The text editor in TerminalFour is similar to any other word processor, with a few added extras.
Basic editing features
You can use the editor to paste text, add images, create bulleted lists, and spell check your content before it’s published.
Cut, Copy and paste are all under the Edit button, but you can also use Ctrl+x (cut), Ctrl+c (copy), Ctrl+v (paste) if these don’t work in your browser (on Macs: Command+x, Command+c, Command+v).
It’s best to write most of your text in Word or another word processor and then paste it into TerminalFour to ensure you have a backup copy.
select this option if you’d like your pasted content to show up as plain text, which strips out formatting.
Apply text formatting using the Format menu – you can highlight text and make bold or italicized text, or apply headlines:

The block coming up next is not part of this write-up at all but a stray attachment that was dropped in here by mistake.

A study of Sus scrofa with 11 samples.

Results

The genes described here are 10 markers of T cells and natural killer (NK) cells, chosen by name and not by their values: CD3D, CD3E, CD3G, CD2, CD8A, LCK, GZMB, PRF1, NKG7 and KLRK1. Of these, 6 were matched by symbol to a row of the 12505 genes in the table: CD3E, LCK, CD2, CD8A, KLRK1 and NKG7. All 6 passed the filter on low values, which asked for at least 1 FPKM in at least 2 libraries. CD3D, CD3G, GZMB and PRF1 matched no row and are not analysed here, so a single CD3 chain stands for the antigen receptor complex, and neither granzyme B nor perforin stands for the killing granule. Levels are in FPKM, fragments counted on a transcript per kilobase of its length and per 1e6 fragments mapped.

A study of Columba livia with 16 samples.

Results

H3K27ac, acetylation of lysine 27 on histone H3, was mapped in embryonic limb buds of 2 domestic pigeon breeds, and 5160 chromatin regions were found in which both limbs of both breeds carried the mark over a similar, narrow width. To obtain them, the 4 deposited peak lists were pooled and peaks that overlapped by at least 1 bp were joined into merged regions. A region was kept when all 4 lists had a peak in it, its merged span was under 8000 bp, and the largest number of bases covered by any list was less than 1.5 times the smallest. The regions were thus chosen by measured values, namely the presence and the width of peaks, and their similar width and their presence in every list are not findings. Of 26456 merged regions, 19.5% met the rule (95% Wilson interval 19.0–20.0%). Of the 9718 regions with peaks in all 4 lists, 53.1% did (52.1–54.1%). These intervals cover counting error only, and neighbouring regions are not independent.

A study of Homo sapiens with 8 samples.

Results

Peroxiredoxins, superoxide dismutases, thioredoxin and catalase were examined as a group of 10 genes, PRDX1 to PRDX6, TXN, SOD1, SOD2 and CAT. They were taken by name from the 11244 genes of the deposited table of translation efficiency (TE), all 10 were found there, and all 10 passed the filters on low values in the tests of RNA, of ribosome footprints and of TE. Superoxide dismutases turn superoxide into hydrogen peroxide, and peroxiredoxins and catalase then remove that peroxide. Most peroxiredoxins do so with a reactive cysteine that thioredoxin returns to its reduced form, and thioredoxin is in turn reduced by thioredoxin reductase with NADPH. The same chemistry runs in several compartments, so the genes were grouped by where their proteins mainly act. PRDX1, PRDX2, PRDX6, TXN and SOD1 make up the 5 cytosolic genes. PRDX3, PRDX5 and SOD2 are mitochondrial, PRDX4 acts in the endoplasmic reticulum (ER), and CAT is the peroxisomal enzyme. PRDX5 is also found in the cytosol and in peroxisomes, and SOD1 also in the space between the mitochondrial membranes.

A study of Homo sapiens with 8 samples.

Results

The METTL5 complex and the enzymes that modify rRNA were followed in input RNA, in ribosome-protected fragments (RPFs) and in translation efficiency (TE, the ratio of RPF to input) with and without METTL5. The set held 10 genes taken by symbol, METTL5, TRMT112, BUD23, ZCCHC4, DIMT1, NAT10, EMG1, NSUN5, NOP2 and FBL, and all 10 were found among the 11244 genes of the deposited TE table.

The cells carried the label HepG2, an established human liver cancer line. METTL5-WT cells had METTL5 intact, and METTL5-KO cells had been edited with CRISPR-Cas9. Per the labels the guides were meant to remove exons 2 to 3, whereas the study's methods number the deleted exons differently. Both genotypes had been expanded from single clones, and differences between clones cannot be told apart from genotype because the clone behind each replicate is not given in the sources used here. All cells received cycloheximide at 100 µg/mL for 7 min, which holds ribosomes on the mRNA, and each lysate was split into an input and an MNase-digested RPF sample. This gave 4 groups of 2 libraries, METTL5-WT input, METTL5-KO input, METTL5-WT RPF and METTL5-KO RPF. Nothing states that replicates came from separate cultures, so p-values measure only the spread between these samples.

Refer to our web content standards if you have questions about how to write and apply headlines.
You can also get rid of headlines, bolding, bulleted lists, etc by selecting Remove All Formatting.
In TerminalFour, you can insert links to a section of the website, a piece of content, or an external (outside your section of Seattleu.edu) link.
Insert/Edit external link:
Select Insert/edit external link. Fill in:
URL (ex: http://www.google.com)
Text as you'd like it to display
Title (same as text to display)
Select Insert Section Link, navigate to the site section, and click “select section”
You can also use the Search tab to type in the title of the section to select it.
To add images or documents to your content item:
Select “insert from media”
Search or select the media you’d like to use (if it’s already in the media library) or click "Add Media" to upload a new file.
Click to select a file from your computer or drop the file into the media file area
Select the media type from the drop down menu
Add a name for your media and a description (this creates alt text, which helps users with visual problems have a similar web experience).
Choose Save and Select
In the next window, determine if you need to resize the image at all – full-width will allow the image to go the full width of the image or the width of the container if it’s a really big image.